WASHINGTON - Only seven months remain before states confront the much-ballyhooed millennium bug, the Y2K computer glitch.
Nebraska and North Dakota say they have already ensured their computers will function properly on Jan. 1, 2000; 19 other states claim to have completed three-quarters or more of the work. Sixteen more say they have finished at least half the programming needed to become Y2K compliant. But 13 states are less than halfway finished or have failed to report their status, according to the National Association of State Information Resource Executives (NASIRE), which is monitoring the situation.
Besides Nebraska and North Dakota, states on NASIRE's top ten Y2K compliance list are Florida, Pennsylvania, Michigan, Minnesota, Idaho, New Jersey, New York and Missouri.
California is 25th in Y2K compliance, having completed 71 percent of the job.
States with the most uncompleted work are New Mexico (48 %), Wyoming (43 %), Virginia (33 %), Alabama (30 %), Indiana (25%) and Colorado (16%).
Seven states Arkansas, Oregon, Alaska, Georgia, Illinois, Louisiana and Rhode Island -- did not report compliance rates.
Georgia, which has appropriated a whopping $322 million to get its computers ready for 2000, is the state leader when it comes to throwing money at the problem. NASIRE estimates all 50 states will spend a total of $3.3 Billion dealing with the problem.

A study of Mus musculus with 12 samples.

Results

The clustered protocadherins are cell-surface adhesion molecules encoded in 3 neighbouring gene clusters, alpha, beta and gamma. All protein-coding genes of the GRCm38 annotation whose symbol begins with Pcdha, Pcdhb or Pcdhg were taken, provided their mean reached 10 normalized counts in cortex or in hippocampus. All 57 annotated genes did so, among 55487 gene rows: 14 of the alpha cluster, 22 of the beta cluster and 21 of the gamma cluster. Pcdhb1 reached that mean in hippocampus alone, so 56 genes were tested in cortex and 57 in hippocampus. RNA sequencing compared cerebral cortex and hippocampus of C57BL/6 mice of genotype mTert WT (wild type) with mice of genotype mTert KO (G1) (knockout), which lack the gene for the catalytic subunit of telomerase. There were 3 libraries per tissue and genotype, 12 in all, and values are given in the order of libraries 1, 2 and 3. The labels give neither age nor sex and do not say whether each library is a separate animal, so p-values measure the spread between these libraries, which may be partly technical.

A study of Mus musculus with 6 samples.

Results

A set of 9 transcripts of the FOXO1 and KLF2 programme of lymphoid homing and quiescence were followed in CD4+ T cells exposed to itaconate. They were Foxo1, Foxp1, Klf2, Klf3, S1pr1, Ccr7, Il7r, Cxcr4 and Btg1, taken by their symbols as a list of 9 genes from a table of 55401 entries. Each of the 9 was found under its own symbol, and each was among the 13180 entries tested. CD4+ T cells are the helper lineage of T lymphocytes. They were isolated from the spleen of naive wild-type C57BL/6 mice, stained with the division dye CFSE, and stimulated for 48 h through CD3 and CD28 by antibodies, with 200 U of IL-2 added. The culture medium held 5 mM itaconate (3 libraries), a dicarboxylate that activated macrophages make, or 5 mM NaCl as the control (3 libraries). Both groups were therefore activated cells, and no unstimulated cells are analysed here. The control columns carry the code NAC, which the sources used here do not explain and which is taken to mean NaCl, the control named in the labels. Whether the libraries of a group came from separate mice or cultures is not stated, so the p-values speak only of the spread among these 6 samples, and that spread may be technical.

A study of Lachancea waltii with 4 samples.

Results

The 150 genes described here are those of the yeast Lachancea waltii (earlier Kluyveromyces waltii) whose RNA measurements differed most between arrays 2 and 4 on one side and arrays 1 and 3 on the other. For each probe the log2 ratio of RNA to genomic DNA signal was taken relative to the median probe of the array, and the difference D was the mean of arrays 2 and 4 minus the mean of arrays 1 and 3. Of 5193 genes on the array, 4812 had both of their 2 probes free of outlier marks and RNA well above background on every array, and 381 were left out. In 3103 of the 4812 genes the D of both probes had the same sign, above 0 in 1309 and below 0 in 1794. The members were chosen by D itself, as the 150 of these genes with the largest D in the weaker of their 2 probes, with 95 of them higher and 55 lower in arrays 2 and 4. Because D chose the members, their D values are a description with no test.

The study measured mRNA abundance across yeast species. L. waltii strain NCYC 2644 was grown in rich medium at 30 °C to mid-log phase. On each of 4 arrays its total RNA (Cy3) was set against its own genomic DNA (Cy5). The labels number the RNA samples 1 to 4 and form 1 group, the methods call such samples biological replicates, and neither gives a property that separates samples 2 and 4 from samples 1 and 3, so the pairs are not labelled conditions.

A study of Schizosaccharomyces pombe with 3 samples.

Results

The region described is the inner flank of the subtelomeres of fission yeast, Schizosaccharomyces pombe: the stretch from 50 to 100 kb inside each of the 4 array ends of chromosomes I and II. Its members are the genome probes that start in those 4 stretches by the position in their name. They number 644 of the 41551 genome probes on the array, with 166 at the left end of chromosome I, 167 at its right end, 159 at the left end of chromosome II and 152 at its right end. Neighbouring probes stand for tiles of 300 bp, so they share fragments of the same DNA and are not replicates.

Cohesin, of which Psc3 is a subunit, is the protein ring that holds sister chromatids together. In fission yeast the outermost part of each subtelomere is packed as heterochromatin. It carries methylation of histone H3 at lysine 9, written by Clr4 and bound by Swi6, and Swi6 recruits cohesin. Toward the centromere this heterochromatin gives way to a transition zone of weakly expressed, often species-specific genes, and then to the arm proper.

Getting state government computers prepared for 2000 "entails a very tedious process of fixing software code. It also involves testing and replacing what are called embedded systems," says Mike Adams, creator of y2knewswire.com, an online publication that tracks the problem.
Many state computer functions are critical to public health, safety and welfare.
Adams says a few state bureaucrats and lawmakers underestimate the Y2K problem, or else think it has been solved.
"This is a false idea -- it has not been solved. Progress has been made, and we still have time to avoid the worst impact, but only if we are serious about it, if we are dedicated to it and if people stop denying the problem.We need urgency, but not panic," he says.
For states, assuring that the Y2K bug is fixed translates to a mission of staggering proportions. In Missouri, the task called for 1 million labor hours, enough time for technicians to carefully check some 80 millions lines of code, says Mike Benzen, the state's chief information officer.
"We've been sweeping through all of the code that runs the systems for Medicaid, child support, food stamps, motor vehicles, employment security -- the list goes on and on," says Benzen, NASIRE's president.
If that weren't enough, states also have to deal with the issue of outreach, helping counties and municipalities and businesses prepare themselves for Y2K
"We obviously are not big enough to go out and fix everybody's problem, so it's a thing of evangelizing more than anything else," Benzen says.
Missouri, which has a four-person information systems staff, contracted out much of its work and at one point had 340 people working on Y2K issues. Missouri is spending $57 million for its Y2K fix.